If you or someone that you know has ever been in a car accident, you’re no stranger to whiplash. Basically, it refers to soft tissue damage of the muscle(s) in the neck caused by a sudden jolt. In many cases, whiplash is caused by being struck from behind.
Women are more susceptible to whiplash injuries than men; experts believe it is because women's neck muscles are usually not as strong as men's.
Typically what happens is that the body is pushed or accelerated forward and, for that instant, the head stays stationary. In a typical case, the victim's body is initially pushed or accelerated forward while the head remains behind for an instant, making the head rock up and back. This rapid jolt causes stretching and/or tearing of some muscles, tendons and ligaments. As a reflex motion, the muscles react to bring the head forward and when this is overdone, the head may jerk forward causing further stretching and tearing.
Tendons are tissues by which muscles attach to bone; they are flexible, fibrous and tough. According to www.medicalnewstoday.com, tendons are like ligaments because they are tough flexible cords. Ligaments go from bone-to-bone while tendons go from muscle-to-bone. Although tendons and ligaments are tough, they are known as soft tissue because tey are often compared to bones and cartilage.
We often associate whiplash as a result of being hit behind, but the impact can come from any direction. The head may move in any direction thereby causing injury. It is important to keep in mind that whiplash injury is not isolated to impact from vehicles. A blow to the head during sports like football, karate or boxing could also result in whiplash. In fact, falling off a horse or bicycle could also result in this soft tissue damage. In any of these injuries, the neck has not been broken but the ligament has been overstretched.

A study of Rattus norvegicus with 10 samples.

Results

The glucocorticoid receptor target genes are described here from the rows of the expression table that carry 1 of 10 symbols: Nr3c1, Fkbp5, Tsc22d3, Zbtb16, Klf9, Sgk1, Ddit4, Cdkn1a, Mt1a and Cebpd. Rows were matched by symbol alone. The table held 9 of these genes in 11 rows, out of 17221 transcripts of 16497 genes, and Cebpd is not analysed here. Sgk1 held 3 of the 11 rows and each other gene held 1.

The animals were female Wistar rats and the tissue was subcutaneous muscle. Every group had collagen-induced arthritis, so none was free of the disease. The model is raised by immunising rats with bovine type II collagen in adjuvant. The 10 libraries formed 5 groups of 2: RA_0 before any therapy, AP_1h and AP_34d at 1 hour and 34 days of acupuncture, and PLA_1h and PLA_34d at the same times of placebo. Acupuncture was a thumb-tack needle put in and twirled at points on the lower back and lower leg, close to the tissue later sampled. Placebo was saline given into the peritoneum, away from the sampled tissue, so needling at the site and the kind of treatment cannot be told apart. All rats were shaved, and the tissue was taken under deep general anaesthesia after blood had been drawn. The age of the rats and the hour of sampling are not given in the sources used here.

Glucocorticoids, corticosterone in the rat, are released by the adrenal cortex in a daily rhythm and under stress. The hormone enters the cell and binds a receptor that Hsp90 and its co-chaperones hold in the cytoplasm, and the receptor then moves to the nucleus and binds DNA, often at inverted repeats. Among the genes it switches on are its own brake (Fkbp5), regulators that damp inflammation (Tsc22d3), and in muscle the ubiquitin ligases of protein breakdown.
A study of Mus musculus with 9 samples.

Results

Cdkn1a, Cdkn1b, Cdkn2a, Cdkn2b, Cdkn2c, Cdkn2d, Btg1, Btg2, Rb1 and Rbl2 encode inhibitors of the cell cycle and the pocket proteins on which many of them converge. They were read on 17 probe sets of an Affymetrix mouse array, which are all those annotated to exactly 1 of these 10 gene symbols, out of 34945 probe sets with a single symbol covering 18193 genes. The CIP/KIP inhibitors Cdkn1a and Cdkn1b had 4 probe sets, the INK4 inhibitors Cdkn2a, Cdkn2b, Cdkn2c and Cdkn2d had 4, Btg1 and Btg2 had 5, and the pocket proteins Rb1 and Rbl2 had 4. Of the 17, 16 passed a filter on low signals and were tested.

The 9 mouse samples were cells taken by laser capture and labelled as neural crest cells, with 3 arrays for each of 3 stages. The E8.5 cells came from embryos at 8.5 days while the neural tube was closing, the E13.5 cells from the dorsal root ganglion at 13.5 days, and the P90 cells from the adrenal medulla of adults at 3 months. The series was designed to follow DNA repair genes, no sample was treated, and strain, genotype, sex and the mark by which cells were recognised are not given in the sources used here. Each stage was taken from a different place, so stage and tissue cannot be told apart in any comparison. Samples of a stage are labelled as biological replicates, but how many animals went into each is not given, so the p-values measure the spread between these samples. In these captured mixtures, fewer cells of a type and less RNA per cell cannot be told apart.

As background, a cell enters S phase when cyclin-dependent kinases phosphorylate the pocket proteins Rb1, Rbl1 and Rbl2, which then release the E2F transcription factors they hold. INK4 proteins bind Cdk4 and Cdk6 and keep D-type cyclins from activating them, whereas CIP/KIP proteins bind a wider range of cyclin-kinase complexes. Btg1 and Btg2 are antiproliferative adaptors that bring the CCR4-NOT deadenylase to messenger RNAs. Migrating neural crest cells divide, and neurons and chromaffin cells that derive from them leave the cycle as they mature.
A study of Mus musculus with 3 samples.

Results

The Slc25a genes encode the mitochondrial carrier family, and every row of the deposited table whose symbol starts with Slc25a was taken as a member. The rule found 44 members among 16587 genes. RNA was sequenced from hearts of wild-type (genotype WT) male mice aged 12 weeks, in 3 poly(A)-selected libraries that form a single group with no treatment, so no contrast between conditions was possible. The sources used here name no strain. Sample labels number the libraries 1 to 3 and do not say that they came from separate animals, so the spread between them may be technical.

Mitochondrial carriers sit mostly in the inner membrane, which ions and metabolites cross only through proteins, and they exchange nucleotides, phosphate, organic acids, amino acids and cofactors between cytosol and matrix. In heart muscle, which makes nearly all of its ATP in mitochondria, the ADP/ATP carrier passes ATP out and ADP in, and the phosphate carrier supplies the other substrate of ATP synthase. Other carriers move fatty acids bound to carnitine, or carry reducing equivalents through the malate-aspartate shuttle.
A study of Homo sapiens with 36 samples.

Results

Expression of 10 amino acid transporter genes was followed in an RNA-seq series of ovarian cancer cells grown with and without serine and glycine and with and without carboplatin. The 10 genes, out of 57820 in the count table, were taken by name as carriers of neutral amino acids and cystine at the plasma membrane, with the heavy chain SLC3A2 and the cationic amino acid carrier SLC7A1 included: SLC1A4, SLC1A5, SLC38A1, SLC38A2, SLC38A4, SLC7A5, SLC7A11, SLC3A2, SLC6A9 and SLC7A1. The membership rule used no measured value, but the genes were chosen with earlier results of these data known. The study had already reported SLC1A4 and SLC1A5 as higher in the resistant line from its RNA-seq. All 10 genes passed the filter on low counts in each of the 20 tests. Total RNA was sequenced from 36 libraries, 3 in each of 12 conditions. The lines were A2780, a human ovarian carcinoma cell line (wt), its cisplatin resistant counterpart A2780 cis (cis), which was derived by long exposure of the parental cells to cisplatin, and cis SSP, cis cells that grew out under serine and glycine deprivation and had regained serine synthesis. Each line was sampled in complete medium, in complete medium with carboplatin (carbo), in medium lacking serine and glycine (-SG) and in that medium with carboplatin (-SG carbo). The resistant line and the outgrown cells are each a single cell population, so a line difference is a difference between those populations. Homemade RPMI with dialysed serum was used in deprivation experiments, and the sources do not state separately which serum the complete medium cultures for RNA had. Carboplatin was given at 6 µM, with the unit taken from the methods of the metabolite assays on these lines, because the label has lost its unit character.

Complete healing time from whiplash may take several months. The injury victim may experience stiffness, pain, headaches, muscle spasms, shoulder pain, and/or temporary loss of movement in the neck. The website notes that a whiplash injury typically takes from 12 to 24 hours after the accident or blow to develop. At the time of the incident any swelling or bruising to the neck muscles are not immediately apparent. The stiffness and pain will be worse on the day following day and may continue to worsen each day.
Diagnosis usually begins with an x-ray to rule out broken bones or other conditions like a fracture or dislocation. A CT scan may be administered to present a more detailed picture of the bone and tissues because it can be seen on a monitor. It is the MRI (magnetic resonance imaging) scan that will provide the health care provider with a detailed picture of the affected area. The MRI technology uses radio waves and magnetic field to detect soft tissue injuries. From this reading the health care professional can prescribe the best course of treatment.
Whiplash injuries are treated with monitored care and pain relief medication. According to the NHS (National Health Service – UK), 60 percent of the cases reported symptoms cleared up in one to four weeks. The treatment regimen normally includes ice on the injury immediately after injury, directed exercise under the care of a health care professional and pain medication.
In some cases, a soft foam cervical collar is recommended to keep the neck stationary during the healing process. However, some experts believe that immobilizing the neck for long periods may undermine recovery, because muscle bulk and strength is reduced. If a cervical collar is needed, it should usually be worn for more than three hours at a time. As with all injuries, follow the advice of your trusted health care provider and ask questions so that you get the care and treatment that you deserve.